Posted at 4:30 AM, Jul 16, 2018
and last updated 2018-07-16 04:30:15-04

EDGEWOOD, Ky. -- Summer for most high schoolers means kicking back and relaxing by the pool or on the beach. 

But some local high school students spent part of their break in scrubs.

They're participating in St. Elizabeth's Medical Observation Opportunity Network, or M.O.O.N., program. The program goes for four days and allows students to see the day-to-day life of a physician.

Students follow physicians as they make their rounds and when they meet with patients in their offices . They also go into the operating room.

"They see anything that is coming through the doors," said Christina Bryant, M.O.O.N. program coordinator. "It's one thing to see a surgery on TV, on YouTube. It's another thing to experience it firsthand."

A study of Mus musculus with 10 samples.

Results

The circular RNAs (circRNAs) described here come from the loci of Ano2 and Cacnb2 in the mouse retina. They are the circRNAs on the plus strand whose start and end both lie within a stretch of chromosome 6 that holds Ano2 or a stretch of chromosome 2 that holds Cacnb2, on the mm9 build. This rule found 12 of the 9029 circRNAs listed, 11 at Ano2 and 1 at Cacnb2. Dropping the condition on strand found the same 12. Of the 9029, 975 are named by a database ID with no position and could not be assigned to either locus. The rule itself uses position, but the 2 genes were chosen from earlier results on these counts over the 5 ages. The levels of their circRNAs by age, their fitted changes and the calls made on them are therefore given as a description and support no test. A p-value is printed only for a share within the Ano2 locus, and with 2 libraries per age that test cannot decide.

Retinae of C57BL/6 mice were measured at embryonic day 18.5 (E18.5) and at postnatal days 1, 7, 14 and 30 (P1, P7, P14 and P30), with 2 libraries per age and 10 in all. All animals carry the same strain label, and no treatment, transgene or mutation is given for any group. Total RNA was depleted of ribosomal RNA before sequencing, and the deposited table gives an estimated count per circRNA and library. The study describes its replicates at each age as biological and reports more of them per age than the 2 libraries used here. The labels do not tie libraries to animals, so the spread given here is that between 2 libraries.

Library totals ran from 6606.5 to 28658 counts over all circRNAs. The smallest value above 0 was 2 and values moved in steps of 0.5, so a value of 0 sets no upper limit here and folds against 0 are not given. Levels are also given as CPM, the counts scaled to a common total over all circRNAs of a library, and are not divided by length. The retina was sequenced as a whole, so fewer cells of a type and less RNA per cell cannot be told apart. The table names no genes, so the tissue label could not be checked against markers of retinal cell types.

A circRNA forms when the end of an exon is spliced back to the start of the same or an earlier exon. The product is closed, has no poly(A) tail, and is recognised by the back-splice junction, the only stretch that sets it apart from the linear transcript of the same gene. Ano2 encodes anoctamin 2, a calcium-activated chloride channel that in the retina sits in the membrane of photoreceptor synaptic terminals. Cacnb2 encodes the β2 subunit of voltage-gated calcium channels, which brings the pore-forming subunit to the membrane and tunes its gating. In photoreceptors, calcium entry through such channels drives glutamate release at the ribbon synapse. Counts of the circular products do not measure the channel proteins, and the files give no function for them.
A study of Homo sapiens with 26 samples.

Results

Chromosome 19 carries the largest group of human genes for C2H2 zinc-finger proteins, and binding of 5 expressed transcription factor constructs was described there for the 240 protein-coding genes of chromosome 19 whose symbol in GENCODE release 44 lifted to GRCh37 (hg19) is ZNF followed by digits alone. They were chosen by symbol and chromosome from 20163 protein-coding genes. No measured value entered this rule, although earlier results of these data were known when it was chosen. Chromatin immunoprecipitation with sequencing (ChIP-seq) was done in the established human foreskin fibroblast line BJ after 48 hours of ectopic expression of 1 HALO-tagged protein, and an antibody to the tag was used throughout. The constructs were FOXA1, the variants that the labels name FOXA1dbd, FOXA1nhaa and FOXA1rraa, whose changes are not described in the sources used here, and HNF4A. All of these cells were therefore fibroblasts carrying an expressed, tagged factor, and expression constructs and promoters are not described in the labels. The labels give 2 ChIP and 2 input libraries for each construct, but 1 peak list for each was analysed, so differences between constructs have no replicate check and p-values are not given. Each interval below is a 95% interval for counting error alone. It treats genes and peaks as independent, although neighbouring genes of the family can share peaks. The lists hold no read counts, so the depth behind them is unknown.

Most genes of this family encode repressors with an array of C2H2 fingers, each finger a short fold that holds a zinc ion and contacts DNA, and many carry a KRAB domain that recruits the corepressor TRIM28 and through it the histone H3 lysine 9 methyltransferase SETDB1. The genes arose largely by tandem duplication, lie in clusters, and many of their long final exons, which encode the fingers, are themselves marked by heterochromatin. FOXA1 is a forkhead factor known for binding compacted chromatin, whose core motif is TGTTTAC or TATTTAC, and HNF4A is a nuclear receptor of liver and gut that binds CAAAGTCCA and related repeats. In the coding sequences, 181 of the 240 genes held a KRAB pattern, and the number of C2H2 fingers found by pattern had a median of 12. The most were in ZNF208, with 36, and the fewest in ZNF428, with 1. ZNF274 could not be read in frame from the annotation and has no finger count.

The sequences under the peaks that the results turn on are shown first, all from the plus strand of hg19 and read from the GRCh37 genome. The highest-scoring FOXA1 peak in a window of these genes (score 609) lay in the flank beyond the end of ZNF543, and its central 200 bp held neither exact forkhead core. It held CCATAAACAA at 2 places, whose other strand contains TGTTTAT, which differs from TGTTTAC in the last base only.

The program is named after Dr. Ryan Moon, a general and bariatric surgeon for St. Elizabeth, who said he wanted to start a program for students based on their passion for medicine and service, not their GPAs.

"There's no GPA requirement," said Moon. "We want to see that they have some sense of community or service. So, we do look for that."

Sophia Forlenza, a Ryle High School junior, knew she wanted to work in medicine since she was in elementary school.

"When I was in the fourth grade, my dad almost died of a heart attack called the widow maker," she said. "And, that was like my wake up call, knowing that I knew I wanted to be in medicine."

The program is in its second year, but its popularity caused the number of students applying to more than double from the first year.

"One of the reasons why the kids like our program so much is because the enthusiasm is not faked," Moon said. "You know, the passion is real."